Editing Internet Texts/American Exceptionalism and National Myths in John F. Kennedy's Rhetoric/John F. Kennedy

John F. KennedyEdit

John F. Kennedy, 1961

Kennedy's Road to PresidencyEdit

In 1960, when Dwight Eisenhower's presidency was coming to an end, the Democratic party nominated Kennedy as a candidate for the office of President of the U.S. Kennedy's presidential campaign platform was named the "New Frontier", a which was derived from Kennedy's acceptance speech, in which he said that " (...) we stand today on the edge of a New Frontier -- the frontier of the 1960's, the frontier of unknown opportunities and perils, the frontier of unfilled hopes and unfilled threats." (read the whole speech) It was used in reference to Kennedy's domestic programs, whose main objectives were to reduce unemployment, provide better medical care, enhance education of the young people, guarantee civil rights for all Americans, and send a man on the moon. The main slogans that JFK used were "Get America Moving Again" and "To Seek a New Frontier". During the campaign Kennedy's opponents faulted him for his young age, claiming that he is too inexperienced for the office, and his religion, since he was a Roman Catholic in a mostly Protestant country. It was believed that Kennedy would not be able to separate church and state, and he would not act in the best interest of the country.

Debates with NixonEdit

Kennedy-Nixon First Presidential Debate, 1960

In 1960 a series of four television debates took place between John F. Kennedy and Richard Nixon. They began a new era, in which a public image became a key of a successful presidential campaign. It was also the first debate of this kind, thus there were no established patterns to follow. Generally, Kennedy is believed to have benefited more form the debates. He presented himself as a decisive, charismatic and vigorous candidate; he looked straight into the camera after every question, which created a sense of confidence. Nixon, on the other hand, followed the style of a traditional debate and he answered to the questions turning to the journalists, which looked as if he avoided an eye-contact with the audience. Moreover, at that time he was recovering from a knee injury. He also refused to put the make-up on, he was wearing a light suit, which blended with the background. All this made him look very tired and pale. Later, Richard Nixon wrote in his memoir, Six Crises, "I should have remembered that a picture is worth a thousand words".[1]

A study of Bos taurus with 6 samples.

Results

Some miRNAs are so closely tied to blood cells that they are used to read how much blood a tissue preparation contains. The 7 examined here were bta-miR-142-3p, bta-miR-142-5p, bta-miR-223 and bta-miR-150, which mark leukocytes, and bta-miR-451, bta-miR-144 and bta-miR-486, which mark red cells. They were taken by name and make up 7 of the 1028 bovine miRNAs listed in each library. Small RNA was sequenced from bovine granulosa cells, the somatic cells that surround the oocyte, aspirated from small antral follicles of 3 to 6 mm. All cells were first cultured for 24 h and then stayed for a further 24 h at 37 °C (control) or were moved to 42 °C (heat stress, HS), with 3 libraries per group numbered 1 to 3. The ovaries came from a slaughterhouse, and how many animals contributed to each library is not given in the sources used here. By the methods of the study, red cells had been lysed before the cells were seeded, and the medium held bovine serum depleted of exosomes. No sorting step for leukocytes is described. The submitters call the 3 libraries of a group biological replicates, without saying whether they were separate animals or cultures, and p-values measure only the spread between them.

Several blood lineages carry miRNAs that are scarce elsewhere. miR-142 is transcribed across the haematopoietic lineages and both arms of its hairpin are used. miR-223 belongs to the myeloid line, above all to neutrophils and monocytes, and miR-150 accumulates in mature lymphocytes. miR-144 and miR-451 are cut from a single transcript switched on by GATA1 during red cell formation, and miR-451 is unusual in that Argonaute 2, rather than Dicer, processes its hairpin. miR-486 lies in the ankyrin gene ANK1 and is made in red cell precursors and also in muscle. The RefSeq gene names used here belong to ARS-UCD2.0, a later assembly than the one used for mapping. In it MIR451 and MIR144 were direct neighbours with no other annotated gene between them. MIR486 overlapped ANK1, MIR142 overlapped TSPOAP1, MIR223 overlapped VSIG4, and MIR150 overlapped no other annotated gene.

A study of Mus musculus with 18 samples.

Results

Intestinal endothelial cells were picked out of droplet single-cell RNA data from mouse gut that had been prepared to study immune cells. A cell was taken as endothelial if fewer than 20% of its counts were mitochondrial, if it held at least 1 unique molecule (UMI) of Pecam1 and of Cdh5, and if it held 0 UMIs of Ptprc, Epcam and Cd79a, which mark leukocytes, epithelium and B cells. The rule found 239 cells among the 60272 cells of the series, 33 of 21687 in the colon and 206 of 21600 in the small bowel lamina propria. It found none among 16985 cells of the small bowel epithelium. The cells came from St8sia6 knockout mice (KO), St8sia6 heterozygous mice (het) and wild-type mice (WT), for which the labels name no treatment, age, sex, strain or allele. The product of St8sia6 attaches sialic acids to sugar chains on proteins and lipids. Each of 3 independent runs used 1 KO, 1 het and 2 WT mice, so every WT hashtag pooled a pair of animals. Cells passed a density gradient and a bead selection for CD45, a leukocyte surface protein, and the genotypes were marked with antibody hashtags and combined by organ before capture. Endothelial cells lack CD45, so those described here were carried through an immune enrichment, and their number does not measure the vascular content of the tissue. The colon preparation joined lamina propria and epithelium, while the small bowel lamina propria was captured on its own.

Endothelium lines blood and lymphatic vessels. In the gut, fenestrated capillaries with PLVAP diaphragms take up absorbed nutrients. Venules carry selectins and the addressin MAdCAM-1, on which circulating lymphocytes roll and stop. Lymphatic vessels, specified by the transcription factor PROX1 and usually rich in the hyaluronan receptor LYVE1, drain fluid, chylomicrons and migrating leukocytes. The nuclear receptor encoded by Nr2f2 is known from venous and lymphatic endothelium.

To read more about the debates click here.

Kennedy's RhetoricEdit

On winning the presidential election of 1960, Kennedy had to deal with a number of crises such as the civil rights issue and racial segregation, the tension between the United States and the Soviet Union, and Fidel Castro's regime in Cuba. Kennedy's rhetoric was predominantly shaped by the Cold War. The most characteristic features of his speeches are:

  • short speeches and clauses
  • simplified constructions of sentences and paragraphs - in order to clearly illustrate the main point
  • very frequent use of allusions and antithesis
  • "we and they" dichotomy - Kennedy presented the world that is divided into two opposing parts: the totalitarian state and the democratic part in the West, which promises freedom, justice and equality.
  • the catastrophic vision of the world - he stated that the conflict with the Soviet Union would be hazardous and difficult, and portrayed it as a battle between good and evil. This was emphasized by the use of the apocalyptic language.
  • emphasising an exceptional role of the United States

To read more about JFK click here.


  1. Nixon, Richard M. (1962). Six Crises. New York: Doubleday.